The German automaker Porsche recalls more than 200 limited-edition 918 Spyders to replace defective chassis parts. Porsche is taking the precautionary measure for its most expensive model till date following a fault-finding during in-house quality tests.
The automaker noted that no complaints have been registered so far. Porsche is a premium brand under Volkswagen AG, which noted that the fix will take about two days to complete. The last of these limited-edition cars were sold in November. Porsche manufacture only 918 plug-in hybrid racer cars to maintain the exclusivity of the car and the brand. It was priced at $845,000.
Earlier this year, Porsche recalled 46 race cars from its limited-edition Spyders to fix a potential defect with rear-axle components. A recall towards a year end further lengthens the list of U.S. recalls in 2014, which has already reached a record 60 million mark. General Motors led the list of infamous recalls due to ignition switch failures reported in its vehicles.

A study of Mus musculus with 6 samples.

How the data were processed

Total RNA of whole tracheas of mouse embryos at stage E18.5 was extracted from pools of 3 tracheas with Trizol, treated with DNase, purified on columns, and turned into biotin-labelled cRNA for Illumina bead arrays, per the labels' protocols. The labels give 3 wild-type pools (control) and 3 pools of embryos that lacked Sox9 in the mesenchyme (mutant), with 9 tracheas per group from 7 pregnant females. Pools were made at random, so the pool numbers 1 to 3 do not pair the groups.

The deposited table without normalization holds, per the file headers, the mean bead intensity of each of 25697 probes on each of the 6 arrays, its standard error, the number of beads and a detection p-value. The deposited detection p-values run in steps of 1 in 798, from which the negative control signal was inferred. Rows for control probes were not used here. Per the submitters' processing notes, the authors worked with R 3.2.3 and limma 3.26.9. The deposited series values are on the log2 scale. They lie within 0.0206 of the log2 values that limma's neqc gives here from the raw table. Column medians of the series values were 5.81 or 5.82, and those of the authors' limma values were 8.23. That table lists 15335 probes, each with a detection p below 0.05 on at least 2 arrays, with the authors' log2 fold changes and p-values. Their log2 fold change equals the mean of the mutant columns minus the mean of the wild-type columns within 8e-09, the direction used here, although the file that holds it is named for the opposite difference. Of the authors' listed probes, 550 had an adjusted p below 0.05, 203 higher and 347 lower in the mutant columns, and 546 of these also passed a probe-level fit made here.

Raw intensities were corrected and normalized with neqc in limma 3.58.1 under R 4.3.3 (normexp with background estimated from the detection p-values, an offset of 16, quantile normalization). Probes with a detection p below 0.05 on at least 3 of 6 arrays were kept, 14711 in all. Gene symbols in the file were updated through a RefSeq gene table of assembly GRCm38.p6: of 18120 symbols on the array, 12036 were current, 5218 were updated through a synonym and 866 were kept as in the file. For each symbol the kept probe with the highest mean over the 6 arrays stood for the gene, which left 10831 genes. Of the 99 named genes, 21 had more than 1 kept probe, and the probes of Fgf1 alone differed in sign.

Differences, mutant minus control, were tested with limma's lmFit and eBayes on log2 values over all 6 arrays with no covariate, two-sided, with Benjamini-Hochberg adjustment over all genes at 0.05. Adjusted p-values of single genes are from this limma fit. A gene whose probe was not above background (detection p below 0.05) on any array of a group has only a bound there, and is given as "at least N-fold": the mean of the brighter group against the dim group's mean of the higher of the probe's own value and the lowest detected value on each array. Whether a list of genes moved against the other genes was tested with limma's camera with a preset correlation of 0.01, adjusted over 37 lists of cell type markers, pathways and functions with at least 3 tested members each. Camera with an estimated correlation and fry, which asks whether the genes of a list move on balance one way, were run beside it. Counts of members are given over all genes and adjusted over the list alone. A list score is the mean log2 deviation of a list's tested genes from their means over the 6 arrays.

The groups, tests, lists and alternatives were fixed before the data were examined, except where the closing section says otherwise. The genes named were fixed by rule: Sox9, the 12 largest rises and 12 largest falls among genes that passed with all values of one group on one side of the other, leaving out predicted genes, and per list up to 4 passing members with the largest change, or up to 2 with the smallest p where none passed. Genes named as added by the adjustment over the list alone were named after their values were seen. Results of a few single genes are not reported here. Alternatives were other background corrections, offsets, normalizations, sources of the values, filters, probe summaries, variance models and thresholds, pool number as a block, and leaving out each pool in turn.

The National Highway Traffic Safety Administration tally of 60.5 million recalls through December 20, 2014, this year is the highest ever and breaks a decade old record of 30.8 million recalls in 2004. The agency has been pressuring automakers to recall cars more instantly once a defect is discovered or reported. NHTSA is also using the threat of $35 million fines and subpoena power to ensure prompt response by automakers.
General Motors alone accounts for 27 million recalls, setting a record for any single automaker. Defective ignition switches in its vehicles have resulted in at least 58 injuries and 42 deaths. Japanese automaker Honda Motor has recalled 5.4 million vehicles given the defects in air bags manufactured by Japanese component maker Takata Corp. The Takata air-bag flaw has resulted into a recall of more than 8 million vehicles in aggregate.